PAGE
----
Affirmative action case raises questions for TU

 

 

Rambler Staff Editorial

Historically, and especially since the landmark Regents v. Bakke case in 1973, the United States judicial system has allowed racial preferences in university admissions (i.e., “affirmative action”) on the basis that diversity constitutes a pressing national interest. Cases addressing affirmative action have generally been split decisions and have reliably allowed affirmative action, though they have set high standards of scrutiny for the controversial practice.

Yet now, even as Transylvania University sets out to increase diversity in an intentional and targeted way, the Supreme Court has announced that it will hear another affirmative action case, and there’s a real chance it may rule against many forms of direct diversity targeting in college admissions.

Specifically, the case Fisher v. University of Texas, in which a white woman was denied admission to the University of Texas while “less qualified” minority students were admitted over and above UT’s general pro-diversity initiatives, will be heard by the Supreme Court, probably in the fall.

Justice Elena Kagan, who would likely vote in favor of affirmative action, has recused herself. Justice Anthony Kennedy, usually the swing vote on the court, has voted broadly against affirmative action twice in the last decade. This sets up a likely 5-3 decision overturning the University of Texas policy.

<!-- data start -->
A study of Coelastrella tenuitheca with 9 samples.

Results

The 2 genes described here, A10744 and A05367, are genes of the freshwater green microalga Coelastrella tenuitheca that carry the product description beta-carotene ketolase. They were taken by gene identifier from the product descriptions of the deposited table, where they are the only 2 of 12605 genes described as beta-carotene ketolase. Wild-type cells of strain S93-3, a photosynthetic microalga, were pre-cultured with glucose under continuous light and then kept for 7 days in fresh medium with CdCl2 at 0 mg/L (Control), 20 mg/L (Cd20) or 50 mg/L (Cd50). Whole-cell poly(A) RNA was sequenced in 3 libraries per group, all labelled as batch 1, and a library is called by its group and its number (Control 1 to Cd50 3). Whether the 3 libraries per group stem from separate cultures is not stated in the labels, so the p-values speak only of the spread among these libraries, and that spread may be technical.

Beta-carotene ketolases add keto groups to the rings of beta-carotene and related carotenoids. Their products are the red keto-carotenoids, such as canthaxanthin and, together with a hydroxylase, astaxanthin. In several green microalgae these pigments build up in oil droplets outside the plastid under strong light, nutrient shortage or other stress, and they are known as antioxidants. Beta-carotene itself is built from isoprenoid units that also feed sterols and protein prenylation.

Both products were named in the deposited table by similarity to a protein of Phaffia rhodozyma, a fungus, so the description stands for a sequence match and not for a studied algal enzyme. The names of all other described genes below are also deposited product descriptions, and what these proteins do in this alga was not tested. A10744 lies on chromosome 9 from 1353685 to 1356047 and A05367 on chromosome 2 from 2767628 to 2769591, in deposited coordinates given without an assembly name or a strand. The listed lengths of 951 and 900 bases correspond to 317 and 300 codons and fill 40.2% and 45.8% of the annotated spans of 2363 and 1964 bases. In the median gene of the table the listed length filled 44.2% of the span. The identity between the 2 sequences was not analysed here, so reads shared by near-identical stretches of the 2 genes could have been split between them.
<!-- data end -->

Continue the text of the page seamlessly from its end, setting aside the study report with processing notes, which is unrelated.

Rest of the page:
But does it matter for other schools? If the Supreme Court overturns UT’s use of “diversity” as an individual qualifier for specific applicants, will Transylvania be affected?

It is hard to say. The Supreme Court could write, as it has done several times recently, a very narrow verdict which will pertain to only certain or specific institutions to form a consensus. If this happens, Transylvania will not be affected.

However, if a broader ruling is written, small colleges like Transylvania will be affected. If “diversity” (and especially race and nationality) cannot be factored into admissions decisions for individual applicants, it will be more difficult for Transylvania to pursue its objective of diversifying the student body.

We lack the resources of many larger schools to offer blanket acceptance to large bodies of students, as well as the manpower in admissions to target those communities as effectively.

In sum, if there is a broad ruling in Fisher v. University of Texas against affirmative action, Transylvania may face difficulties in reaching some of its long-term admissions objectives.

However, race is only one component of diversity. Fisher v. University of Texas will likely have nothing to say about pursuing diversity on the grounds of geography, socioeconomic class, religious or cultural traditions, and many other factors.

In pursuing diversity, Transylvania’s administration should remember that numerous factors contribute to a diverse campus.